Scan Systems to Detect and Guard against Windows Vulnerabilities
When you assess Windows vulnerabilities, start by scanning your computers to see what hackers can see. From there, you can use many of the multiple tools available to steel yourself against attacks. A few straightforward processes can identify weaknesses in Windows systems.
Test Your System
Start gathering information about your Windows systems by running an initial port scan:
Run basic scans to find which ports are open on each Windows system:
Scan for TCP ports with a port scanning tool, such as NetScanTools Pro. The NetScanTools Pro results show several potentially vulnerable ports open on a Windows 7 system, including those for DNS (UDP port 53); the ever-popular — and easily hacked — NetBIOS (port 139); and SQL Server (UDP 1434).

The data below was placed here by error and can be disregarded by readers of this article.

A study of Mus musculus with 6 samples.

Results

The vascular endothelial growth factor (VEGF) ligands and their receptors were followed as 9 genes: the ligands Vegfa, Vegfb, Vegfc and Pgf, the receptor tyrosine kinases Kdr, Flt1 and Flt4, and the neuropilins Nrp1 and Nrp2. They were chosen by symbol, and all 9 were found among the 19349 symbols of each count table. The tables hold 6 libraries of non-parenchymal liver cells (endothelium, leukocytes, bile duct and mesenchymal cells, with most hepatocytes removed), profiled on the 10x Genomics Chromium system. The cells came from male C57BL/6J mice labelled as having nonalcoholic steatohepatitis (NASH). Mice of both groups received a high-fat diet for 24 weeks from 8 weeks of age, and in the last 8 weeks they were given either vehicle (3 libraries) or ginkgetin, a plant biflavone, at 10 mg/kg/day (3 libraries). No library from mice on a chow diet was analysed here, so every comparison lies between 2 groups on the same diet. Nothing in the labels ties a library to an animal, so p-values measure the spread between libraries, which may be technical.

Perform OS enumeration (such as scanning for shares and specific OS versions) by using an all-in-one assessment tool, such as LanGuard.
If you need to quickly identify the specific version of Windows that’s running, you can use Nmap with the -O option.
Other OS fingerprinting tools are available, but Nmap seems to be the most accurate.
Determine potential security vulnerabilities.
This is subjective and might vary from system to system, but what you want to look for are interesting services and applications and proceed from there.
Countermeasures against system scanning
You can prevent an external attacker or malicious internal user from gathering certain information about your Windows systems by implementing the proper security settings on your network and on the Windows hosts. You have the following options:
Use a network firewall or web application firewall (WAF).
Use the Windows Firewall or other personal firewall software on each system. You want to block the Windows networking ports for RPC (port 135) and NetBIOS (ports 137–139 and 445).
Disable unnecessary services so that they don’t appear when a connection is made.